Hoping for more Green than Red this Holiday Season

Nov 26, 2018 | Newsletters | 0 comments

Dear Clients and Friends,

Your FBB team spent the holiday weekend giving thanks for the gifts of family and friendship. We also had plenty of conversations around the Thanksgiving dinner table about current events, including the latest market swoon that has dragged the S&P500 down to break-even levels for the year.

While we are optimistic that stocks remain an attractive asset class for investment, we have fielded several good questions about the current volatility. The comments below summarize our current views, which highlight near-term concerns for stocks and broader themes supporting a thesis that we believe will fuel higher corporate profits and equity prices.

Why are markets red in the face?

Broader U.S. equity markets have been choppy since early October on rising geopolitical concerns that appear to be trickling down to individual companies. At the macro level, large markets such as Germany and Japan have experienced slowing economic growth which could be temporary (although a Chinese lending slowdown hints at more meaningful deceleration).

Additionally, the economic impact of a bilateral trade war between the U.S. and China continues to mount for both sides, and some experts believe tariffs could knock a full percentage point off U.S. GDP growth if future rounds of tariffs go into effect. We’ll be watching a summit between the Presidents of China and the U.S. later this week for signs of where the trade war is headed.

Investors are translating these macro pressures into lower stock prices for many companies that rely on steady economic growth to fuel profits. Technology, industrial and consumer discretionary stocks have declined 12-15% since early October (compared to a ~10% hit to the S&P500) as investors worry that a slowing economy will darken the profit outlook for these cyclical industries. Making matters worse, some large companies, such as Apple, have signaled slower demand for consumer products, adding fuel to the fire for investor sentiment.

Will investors be seeing green by year-end?

Is there any way out of this mess? Our short answer: Yes. However, we see more volatility ahead as we approach the next recession. In the near term, we see a modest rebound for markets into early 2019 as investors balance fears of a slow-down with increasingly attractive valuations.

Looking at valuation, the S&P500 is now trading at about 15 times next year’s profits, roughly in-line with the average valuation since 1990. If markets are fairly priced, then our sense is that stocks should respond to economic and profit growth. Leading economic indicators and manufacturing surveys still suggest meaningful growth, while future corporate profits could expand by 8-10% over the next two years. Our belief is investors will come around to viewing an approximate 10% total return for stocks as attractive, especially at current levels.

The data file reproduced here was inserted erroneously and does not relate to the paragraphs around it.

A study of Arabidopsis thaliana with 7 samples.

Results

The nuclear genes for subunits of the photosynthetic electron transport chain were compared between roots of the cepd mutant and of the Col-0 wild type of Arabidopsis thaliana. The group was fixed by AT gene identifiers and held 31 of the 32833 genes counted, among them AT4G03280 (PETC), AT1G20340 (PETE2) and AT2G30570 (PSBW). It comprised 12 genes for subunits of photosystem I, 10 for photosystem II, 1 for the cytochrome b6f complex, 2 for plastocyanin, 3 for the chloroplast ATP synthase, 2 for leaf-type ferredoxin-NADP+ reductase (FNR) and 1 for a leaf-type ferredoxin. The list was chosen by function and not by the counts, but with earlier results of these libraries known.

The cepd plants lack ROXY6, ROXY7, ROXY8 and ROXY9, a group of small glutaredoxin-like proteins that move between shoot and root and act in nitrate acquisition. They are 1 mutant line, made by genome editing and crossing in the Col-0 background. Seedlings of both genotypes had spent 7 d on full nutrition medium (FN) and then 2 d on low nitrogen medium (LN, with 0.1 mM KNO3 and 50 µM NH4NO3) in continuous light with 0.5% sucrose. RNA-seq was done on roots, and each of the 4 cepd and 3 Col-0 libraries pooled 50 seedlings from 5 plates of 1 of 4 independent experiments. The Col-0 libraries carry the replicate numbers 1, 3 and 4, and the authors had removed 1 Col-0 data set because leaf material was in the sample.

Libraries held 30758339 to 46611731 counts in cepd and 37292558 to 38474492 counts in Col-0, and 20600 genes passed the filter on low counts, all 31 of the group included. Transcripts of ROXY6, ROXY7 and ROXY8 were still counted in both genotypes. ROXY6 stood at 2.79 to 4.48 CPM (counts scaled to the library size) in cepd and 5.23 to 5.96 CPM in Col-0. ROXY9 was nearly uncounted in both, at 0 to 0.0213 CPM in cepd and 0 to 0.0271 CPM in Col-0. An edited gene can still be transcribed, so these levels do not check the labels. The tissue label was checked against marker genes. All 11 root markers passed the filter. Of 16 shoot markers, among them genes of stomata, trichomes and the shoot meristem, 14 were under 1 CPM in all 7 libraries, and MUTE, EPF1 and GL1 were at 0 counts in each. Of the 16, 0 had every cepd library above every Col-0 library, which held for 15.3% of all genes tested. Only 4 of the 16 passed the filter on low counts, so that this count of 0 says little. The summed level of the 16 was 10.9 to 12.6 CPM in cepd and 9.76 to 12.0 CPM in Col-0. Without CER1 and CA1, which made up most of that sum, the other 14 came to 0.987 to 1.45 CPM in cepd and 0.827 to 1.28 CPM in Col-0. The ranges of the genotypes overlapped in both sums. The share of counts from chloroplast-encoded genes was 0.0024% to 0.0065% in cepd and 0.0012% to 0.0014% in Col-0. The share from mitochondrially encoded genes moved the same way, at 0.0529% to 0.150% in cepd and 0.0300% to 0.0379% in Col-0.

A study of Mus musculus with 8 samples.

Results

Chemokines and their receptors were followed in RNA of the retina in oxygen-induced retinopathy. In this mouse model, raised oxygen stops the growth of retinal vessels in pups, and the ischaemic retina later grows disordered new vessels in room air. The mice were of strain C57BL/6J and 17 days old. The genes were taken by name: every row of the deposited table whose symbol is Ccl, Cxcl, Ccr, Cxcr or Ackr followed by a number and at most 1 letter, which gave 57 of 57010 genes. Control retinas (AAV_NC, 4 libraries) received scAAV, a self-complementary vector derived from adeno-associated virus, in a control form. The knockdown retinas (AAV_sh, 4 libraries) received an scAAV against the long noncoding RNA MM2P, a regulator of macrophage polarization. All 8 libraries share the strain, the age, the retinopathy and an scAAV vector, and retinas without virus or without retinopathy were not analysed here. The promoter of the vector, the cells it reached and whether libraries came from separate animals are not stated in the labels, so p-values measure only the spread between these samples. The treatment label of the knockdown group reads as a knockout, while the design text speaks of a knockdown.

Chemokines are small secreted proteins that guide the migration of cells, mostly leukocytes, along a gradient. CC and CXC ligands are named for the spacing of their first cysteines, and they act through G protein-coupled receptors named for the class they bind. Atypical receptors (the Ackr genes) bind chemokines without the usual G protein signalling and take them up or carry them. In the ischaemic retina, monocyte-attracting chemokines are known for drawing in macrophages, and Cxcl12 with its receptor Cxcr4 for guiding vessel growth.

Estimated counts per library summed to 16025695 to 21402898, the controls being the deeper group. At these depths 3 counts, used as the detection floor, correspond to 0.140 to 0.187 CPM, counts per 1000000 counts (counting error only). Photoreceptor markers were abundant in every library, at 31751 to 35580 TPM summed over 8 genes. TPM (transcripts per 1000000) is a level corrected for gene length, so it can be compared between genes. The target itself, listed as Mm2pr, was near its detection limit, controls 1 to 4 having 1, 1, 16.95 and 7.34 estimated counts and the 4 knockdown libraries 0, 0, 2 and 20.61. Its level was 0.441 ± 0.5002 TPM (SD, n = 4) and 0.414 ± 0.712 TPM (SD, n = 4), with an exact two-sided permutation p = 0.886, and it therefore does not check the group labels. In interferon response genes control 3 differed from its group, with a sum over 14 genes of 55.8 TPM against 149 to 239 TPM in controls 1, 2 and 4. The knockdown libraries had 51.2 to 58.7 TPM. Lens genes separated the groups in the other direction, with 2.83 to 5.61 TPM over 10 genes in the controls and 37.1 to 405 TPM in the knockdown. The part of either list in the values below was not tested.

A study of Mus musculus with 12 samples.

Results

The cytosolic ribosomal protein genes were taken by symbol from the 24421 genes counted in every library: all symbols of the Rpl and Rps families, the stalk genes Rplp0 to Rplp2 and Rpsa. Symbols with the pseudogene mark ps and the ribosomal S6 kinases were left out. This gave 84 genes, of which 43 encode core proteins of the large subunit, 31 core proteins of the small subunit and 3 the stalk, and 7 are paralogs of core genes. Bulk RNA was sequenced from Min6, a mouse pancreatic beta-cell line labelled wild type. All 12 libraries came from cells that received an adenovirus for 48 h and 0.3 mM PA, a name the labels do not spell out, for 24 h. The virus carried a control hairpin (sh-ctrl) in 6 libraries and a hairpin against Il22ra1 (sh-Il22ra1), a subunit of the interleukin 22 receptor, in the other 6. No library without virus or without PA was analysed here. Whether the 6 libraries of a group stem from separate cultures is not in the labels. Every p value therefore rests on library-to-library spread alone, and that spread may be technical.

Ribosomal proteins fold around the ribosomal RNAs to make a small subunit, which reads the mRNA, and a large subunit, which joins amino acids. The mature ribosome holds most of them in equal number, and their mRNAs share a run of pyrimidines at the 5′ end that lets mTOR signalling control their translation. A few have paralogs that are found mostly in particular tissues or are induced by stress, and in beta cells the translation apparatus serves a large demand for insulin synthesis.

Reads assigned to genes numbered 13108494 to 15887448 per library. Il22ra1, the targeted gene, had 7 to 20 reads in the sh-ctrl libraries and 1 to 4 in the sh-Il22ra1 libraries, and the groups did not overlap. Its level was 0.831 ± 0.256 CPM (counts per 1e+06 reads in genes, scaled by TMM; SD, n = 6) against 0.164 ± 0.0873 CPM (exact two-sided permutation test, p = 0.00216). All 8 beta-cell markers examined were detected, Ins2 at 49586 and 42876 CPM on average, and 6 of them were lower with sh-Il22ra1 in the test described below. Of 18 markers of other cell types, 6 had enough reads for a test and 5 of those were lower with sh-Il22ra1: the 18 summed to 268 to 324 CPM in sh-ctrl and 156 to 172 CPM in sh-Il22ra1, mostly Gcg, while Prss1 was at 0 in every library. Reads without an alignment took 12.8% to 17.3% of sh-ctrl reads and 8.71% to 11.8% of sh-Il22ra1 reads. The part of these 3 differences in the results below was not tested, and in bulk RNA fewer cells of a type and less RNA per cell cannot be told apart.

What’s next?

While we expect a modest rebound in stocks over the next few months, we’re also preparing for the next turn in the economic cycle. As the Federal Reserve continues to hike interest rates into 2019 and the next recession approaches, we could see more modest growth for both the economy and for profits.

Our investment strategy at this point in the cycle is to gradually move into more defensive equity sectors, while also considering a modest shift to bonds. We favor a gradual approach, because we expect a modest rebound in equity markets followed by a period of volatility as the economy slows.

As this letter goes to print, markets are digesting Black Friday sales, and Cyber Monday e-commerce is heating up. While October and November have been choppy periods for investors, we feel that steady economic growth will lead to more green than red (for stocks) as we approach year end.

If you have specific questions you would like to address, your Portfolio Manager would be happy to speak with you.

With warm wishes for a Happy Holiday,

FBB Capital Partners

All opinions expressed in this newsletter are not intended to be a guarantee or forecast of future events, do not constitute a solicitation to buy or sell securities nor are they a complete description of our investment policy, the markets, an investing strategy or any securities referred to in the newsletter. Opinions expressed herein are not intended to be used as investment advice and are subject to change without notice based on market and other conditions. Different types of investments involve varying degrees of risk, and there is no assurance that any specific investment will either be suitable or profitable for a client’s or prospective client’s investment portfolio, and no one should assume that any information presented here serves as the receipt of, or a substitute for, personalized individual advice from FBB Capital Partners, its research team or its portfolio managers. The value of investments and the income from them may fluctuate and can fall as well as rise.